Friday, June 22, 2012

Am I good? Are you?

re: goodness

Most people treat the subject of good & evil individualistically. But it isn't true. Good & evil are far more a group phenomenon than we want to admit. There are saints and sociopaths, of course, but they're the exception. We evolved living in small bands of hunter/gatherers for around 95% of the time recognizably human beings have been on this Earth, and in such bands morality is mediated on an ongoing basis, with the consequences of personal lapses and misdeeds trailing you for the rest of your life. People behave because they can't escape the consequences of misbehavior. They don't behave as a cynical calculation--they just "sense" the need to behave. And the rare examples of miscreants in one's little tribe--how the shame of their misdeed sticks to them--serves as a warning to uphold the tribe's values.

Modern society puts us in a world of strangers, and even with lifelong circles of friendship and family, most of us could move to a new town and start over if we so chose. So both the ongoing sense of needing to behave and the strategic understanding of being able to avoid the long-term consequences of heinous-but-legal behavior make for a much less moral society, overall, than our ancestors experienced.

Stasi papers uncovered after the fall of the German Wall showed that a very large proportion of East Germans collaborated with the state spy apparatus. Conversely, precious few French citizens really resisted the Nazi occupation, despite postwar posturing.

Yesterday as I rode my bicycle out of our condo complex, a lady in a car turned across my path. If I hadn't braked hard I would have become her bloody hood ornament. She saw me clearly--but she figured I'd stop if I didn't want to die, and I did.

Now imagine if she and I knew each other, and that both of us knew that the consequences of that encounter would hang in the air for the rest of our lives, not just for us but for our families' relationship with each other and with the rest of the tribe for decades to come. The odds are very high that under such circumstances she wouldn't have broken the law and endangered my life (and I wouldn't have shouted what I shouted at her as she went by me).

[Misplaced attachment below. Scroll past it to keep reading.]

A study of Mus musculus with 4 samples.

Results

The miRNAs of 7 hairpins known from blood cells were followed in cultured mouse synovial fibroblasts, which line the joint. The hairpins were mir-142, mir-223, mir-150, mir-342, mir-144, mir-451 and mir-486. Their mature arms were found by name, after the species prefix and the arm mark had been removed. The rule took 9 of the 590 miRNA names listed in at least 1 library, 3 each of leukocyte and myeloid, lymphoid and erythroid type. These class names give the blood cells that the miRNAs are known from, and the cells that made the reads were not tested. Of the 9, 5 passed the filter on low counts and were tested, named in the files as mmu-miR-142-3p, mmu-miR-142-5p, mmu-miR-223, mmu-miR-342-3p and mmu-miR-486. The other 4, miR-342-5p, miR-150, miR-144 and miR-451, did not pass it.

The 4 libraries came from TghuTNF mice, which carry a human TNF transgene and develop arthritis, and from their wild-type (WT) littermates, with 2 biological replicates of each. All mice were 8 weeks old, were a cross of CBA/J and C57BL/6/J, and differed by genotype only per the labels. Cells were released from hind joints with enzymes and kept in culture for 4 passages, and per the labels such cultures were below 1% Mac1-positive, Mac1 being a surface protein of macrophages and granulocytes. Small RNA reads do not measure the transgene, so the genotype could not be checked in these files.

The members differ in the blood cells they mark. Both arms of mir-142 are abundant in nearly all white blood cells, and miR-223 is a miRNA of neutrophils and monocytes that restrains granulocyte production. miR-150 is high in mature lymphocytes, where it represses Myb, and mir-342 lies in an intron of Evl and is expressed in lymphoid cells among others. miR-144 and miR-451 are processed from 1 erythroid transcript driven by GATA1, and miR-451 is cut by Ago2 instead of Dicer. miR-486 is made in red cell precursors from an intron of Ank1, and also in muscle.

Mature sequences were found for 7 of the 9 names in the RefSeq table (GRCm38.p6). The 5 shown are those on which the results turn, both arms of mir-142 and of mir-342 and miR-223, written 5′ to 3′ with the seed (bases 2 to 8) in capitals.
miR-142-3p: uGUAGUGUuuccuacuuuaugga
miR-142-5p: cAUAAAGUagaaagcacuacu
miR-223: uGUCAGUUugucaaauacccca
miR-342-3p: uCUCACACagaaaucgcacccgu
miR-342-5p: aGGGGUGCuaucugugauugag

But I'll probably never see her again, and vice versa.

The miracle is that we behave as well as we do, in general. To that extent you could say that goodness is inborn--though easy to subvert.

A few years ago an incident where a light plane crashed into the power lines leading into my college town and cut all electricity to the town for a whole day, so no stop lights worked and there were far too few cops to post at all the intersections with lights.

Yet traffic was hardly impeded. All day virtually everyone stopped at intersections and observed the rules of the road punctiliously. I've traveled in the Philippines, and I guarantee you that under similar circumstances there it would have been gridlocked chaos.

But this doesn't show that "goodness" is an individual thing--quite the opposite. It shows that a settled, orderly culture like that of my town has more of the feel of our hunting/gathering tribal situation than less orderly societies have. We don't think of our tribal ancestors as having more orderly societies than what we have on Earth today, but in fact they did.

So yes, good and evil have always existed, but it isn't just individual good and evil--the macroorganisms we call society/culture also can be good or evil.